Neo-crazy media sycophant Judith Miller of the
New York Times, an "embedded" reporter in Bush's war of aggression
against Iraq – and in the subsequent futile hunt for the weapons of mass destruction
she had frequently reported Saddam Hussein had – is currently embedded in jail
for refusing to testify before a grand jury.
On July 6, 2003, the New York Times published an op-ed piece by former
Ambassador Joseph Wilson in which he claimed to have been sent to Niger in early
2002 by the Central Intelligence Agency in response to inquiries from Vice President
Cheney to investigate whether Iraq had recently been seeking to purchase uranium
from Niger. Wilson claimed that he had conducted the requested investigation
and reported on his return that there was no credible evidence that any such
effort had been made.
President Bush had gone to Congress in September 2002 seeking "specific statutory
authorization" to invade Iraq. Bush based his case on the just-completed top-secret
national intelligence estimate (NIE) of Iraq's weapons of mass destruction programs,
which was presumably informed by Wilson's report.
According to Bush, the NIE contained positive proof that Saddam had been reconstructing
his nuke and chem-bio programs in the several years since the end of inspections
by the UN Special Commission
Now, on Dec. 16, 1998, Mohamed ElBaradei, director-general of the International
Atomic Energy Agency, had made this final assessment of Iraq's nuclear programs:
There were no indications to suggest that Iraq was successful in its attempt
to produce nuclear weapons.
Iraq was at, or close to, the threshold of success in such areas as the
production of HEU through the EMIS process, the production and pilot cascading
of single-cylinder sub-critical gas centrifuge machines, and the fabrication
of the explosive package for a nuclear weapon.
There were no indications to suggest that Iraq had produced more than a
few grams of weapons-grade nuclear material through its indigenous processes.
There were no indications that Iraq had otherwise clandestinely acquired weapons-usable
There were no indications that there remained in Iraq any physical capability
for the production of amounts of weapons-usable nuclear material of any practical
Hence, when Bush "determined" on March 19 that no "further diplomatic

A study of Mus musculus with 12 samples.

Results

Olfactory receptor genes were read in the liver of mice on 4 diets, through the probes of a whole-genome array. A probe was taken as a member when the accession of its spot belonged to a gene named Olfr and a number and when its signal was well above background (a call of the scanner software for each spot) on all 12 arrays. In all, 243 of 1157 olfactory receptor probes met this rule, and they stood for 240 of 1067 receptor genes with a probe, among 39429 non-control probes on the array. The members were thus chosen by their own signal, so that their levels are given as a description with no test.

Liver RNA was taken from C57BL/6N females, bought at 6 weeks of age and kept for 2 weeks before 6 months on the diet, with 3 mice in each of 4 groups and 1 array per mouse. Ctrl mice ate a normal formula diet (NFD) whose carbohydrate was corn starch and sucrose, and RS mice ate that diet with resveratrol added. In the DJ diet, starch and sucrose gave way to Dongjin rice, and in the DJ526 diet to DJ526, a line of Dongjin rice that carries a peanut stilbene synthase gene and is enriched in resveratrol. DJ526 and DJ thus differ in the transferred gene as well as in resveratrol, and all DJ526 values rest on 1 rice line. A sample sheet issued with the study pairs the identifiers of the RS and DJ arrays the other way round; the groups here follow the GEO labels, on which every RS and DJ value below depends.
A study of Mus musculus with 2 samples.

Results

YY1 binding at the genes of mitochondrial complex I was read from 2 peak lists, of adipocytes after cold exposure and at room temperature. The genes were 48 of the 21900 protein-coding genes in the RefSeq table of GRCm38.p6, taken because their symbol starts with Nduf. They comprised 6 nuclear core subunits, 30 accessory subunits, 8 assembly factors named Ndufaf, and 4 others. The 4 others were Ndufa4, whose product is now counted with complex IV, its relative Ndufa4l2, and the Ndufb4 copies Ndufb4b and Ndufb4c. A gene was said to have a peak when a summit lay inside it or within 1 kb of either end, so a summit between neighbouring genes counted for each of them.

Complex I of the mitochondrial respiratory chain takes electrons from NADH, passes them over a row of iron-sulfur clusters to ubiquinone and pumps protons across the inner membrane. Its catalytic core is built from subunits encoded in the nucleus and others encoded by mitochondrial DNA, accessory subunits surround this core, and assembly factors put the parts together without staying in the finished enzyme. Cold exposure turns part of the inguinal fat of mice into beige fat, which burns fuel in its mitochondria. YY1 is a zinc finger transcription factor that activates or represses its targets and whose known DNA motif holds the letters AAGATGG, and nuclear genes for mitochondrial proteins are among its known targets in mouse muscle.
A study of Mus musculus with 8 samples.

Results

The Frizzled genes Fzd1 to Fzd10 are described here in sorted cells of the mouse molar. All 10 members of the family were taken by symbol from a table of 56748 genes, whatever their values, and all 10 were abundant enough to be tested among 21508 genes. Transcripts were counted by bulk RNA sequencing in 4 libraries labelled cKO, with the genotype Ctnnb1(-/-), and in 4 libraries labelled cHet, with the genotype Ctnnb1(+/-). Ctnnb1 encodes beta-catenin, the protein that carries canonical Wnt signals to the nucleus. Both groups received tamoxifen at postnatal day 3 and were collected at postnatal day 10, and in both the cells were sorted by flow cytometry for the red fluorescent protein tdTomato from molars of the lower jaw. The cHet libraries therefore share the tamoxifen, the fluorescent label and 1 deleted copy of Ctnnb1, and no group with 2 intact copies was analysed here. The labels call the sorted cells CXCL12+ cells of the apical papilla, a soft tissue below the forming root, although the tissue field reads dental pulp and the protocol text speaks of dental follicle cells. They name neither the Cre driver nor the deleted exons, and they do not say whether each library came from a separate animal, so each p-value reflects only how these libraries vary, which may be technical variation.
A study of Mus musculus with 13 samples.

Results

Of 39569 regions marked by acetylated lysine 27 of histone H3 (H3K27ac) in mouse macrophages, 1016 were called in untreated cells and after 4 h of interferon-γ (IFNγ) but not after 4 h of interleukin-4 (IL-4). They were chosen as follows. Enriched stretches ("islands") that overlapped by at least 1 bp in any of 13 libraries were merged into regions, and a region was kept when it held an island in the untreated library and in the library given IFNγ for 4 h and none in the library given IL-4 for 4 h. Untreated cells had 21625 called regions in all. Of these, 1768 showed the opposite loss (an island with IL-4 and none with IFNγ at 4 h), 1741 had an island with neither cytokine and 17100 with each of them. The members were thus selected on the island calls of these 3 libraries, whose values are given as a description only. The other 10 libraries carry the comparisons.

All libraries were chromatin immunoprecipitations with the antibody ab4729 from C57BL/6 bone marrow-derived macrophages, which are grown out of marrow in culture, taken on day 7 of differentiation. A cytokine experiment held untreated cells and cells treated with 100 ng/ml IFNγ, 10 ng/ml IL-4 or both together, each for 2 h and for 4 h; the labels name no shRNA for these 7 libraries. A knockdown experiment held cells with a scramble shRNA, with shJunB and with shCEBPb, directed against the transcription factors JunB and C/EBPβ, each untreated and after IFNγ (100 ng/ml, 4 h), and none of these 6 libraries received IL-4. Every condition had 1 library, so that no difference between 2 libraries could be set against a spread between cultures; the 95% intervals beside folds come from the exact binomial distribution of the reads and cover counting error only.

or other peaceful means will adequately protect the national security of the
United States from the continuing threat posed by Iraq," most of us assumed
Bush and our intelligence community had discovered that Saddam had somehow managed
to acquire nukes.
However, in his January 2003 State of the Union Address, President Bush merely
stated: "The British government has learned that Saddam Hussein recently
sought significant quantities of uranium from Africa."
Nevertheless, Bush, Cheney, and Condi Rice all began warning of the need to
divest Saddam of "the smoking gun that could come in the form of a mushroom
Well, we learned – from the IAEA – just weeks before Bush invaded Iraq
that the "documentary evidence" that Saddam had sought
to buy uranium-oxide (yellowcake) from Niger were "blatant forgeries."
Now, just weeks after Bush invaded Iraq, Wilson was telling us that high-level
officials of the Bush-Cheney administration had known the accusation was baseless
for more than a year before the invasion.
In particular, the White House Iraq Group (WHIG) – which had been set up in
2002 to plan public statements and to control such high-level leaks about the
upcoming war – knew that. So, WHIG apparently swung into action, trying to make
"Democrat" Wilson and his CIA covert-agent wife the issue, rather
than the revelation that the White House had knowingly made false statements
to us and their media sycophants.
Well, two years later, that and perhaps other WHIG activities in the prelude
to – and immediate aftermath of – Bush's war of aggression against Iraq may
be in the cross-hairs of Special Prosecutor Patrick Fitzgerald
How else to explain Judge Tatel's opinion, which contained nine redacted pages
– presumably highly classified – of what Prosecutor Fitzgerald has determined
a person or persons, unknown, leaked to neo-crazy media sycophant Judith Miller.
Quoth the judge:
"Were the leak at issue in this case less harmful to national security
or more vital to public debate, or had the special counsel failed to demonstrate
the grand jury's need for the reporters' evidence, I might have supported the
motion to quash.
"Because identifying appellants' sources instead appears essential
to remedying a serious breach of public trust, I join in affirming the district
court's orders compelling their testimony."